The wasting that comes with age -- wrinkled skin, weakened bones and nagging physical complaints -- may result from genetic mistakes that begin in midlife as cells lose their ability to reproduce properly, a new study concludes.

The new research, published Friday in Science, offers a tantalizing -- and tentative -- explanation for the physical ravages of time. If confirmed in subsequent studies, it suggests a single underlying factor at work in degenerative diseases ranging from Alzheimer’s disease and arthritis to gum disease, cancer and heart disease.

From the moment of birth, the human body is under assault by the natural chemistry of the world we inhabit, by the radiation from the sun that nurtures us, from the repetitive stress of moving muscle and bone against the force of gravity. Yet for decades, the body’s cells can shrug off ill effects and flawlessly replace themselves, until inevitably and mysteriously they begin to fail.

Seeking clues to why the human body wears out over time, researchers at the Scripps Research Institute and the Novartis Genomics Institute in La Jolla, Calif., found that as the years add up, so do the genetic mutations that occur when critical cells lose their gift for making perfect copies of themselves.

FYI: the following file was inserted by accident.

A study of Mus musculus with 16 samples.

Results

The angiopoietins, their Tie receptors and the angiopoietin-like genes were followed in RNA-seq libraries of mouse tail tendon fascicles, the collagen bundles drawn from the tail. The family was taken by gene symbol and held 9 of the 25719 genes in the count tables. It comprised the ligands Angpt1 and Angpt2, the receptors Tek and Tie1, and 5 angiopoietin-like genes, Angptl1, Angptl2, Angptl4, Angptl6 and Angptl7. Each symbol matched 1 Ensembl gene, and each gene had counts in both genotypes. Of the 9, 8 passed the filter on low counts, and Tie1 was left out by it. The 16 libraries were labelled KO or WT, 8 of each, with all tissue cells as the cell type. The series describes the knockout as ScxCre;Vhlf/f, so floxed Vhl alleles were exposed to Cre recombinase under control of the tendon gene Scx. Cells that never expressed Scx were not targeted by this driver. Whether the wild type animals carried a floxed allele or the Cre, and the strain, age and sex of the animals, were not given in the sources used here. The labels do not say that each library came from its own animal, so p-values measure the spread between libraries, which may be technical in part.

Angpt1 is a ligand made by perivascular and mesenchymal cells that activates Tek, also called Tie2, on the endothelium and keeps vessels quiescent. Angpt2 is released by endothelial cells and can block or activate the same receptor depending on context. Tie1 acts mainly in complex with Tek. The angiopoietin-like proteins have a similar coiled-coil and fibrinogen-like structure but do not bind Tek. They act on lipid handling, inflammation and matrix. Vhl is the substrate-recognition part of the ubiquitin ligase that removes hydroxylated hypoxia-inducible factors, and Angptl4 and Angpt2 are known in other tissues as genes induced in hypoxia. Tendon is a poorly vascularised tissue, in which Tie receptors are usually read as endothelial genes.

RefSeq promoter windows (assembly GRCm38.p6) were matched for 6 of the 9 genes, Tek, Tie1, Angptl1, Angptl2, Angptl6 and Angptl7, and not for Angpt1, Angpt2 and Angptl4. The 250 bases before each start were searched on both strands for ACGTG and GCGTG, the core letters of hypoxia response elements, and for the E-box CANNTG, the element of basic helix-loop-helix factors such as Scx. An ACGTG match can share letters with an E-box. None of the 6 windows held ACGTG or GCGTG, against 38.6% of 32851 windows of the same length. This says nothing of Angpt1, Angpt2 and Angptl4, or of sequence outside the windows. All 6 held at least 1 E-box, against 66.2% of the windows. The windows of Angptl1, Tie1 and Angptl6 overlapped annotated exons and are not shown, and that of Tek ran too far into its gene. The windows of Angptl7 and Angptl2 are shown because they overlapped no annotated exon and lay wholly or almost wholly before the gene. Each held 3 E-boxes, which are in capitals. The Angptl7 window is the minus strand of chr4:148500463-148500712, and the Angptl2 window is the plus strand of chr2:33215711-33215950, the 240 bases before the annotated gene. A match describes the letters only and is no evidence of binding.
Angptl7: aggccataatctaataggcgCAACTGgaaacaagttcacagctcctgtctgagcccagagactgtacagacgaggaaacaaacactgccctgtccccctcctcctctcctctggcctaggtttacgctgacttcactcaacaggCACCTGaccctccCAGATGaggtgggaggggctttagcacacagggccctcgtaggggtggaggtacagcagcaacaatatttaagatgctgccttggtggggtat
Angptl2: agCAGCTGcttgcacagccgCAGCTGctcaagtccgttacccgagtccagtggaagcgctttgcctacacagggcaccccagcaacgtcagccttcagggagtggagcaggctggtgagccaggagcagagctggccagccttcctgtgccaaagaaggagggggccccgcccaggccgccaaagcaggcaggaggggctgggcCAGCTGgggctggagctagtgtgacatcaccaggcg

Germany Sets Up Anonymous Drop Boxes for Unwanted Infants


Foundlings left on the doorsteps of churches, orphanages or for kind benefactors have been sent to better lives by desperate mothers at least since the days of the Bible, when Moses was floated down the Nile to safety. But in a wealthy country such as Germany, with one of the best social security nets in the world, few thought to look so far backward for a solution to the disturbingly recurrent problem of unwanted newborns being abandoned to cold and hunger.

With Friday’s inauguration of Germany’s first designated foundling drop-off site since the 1700s, child welfare workers hope the option of a safe and anonymous abandonment will save lives among the 40 or so castoff newborns found nationwide each year, most dead of exposure.

Project Findelbaby -- or foundling -- is little more than a night deposit box with a warm bed beyond the delivery slot and a sensor that alerts caretakers of an arrival. The brainchild of social workers in this port city that has long been a magnet for prostitutes, runaways and drug addicts, the receptacle in the ground-floor door of a day-care center allows the hand-over of unwanted infants with no questions asked.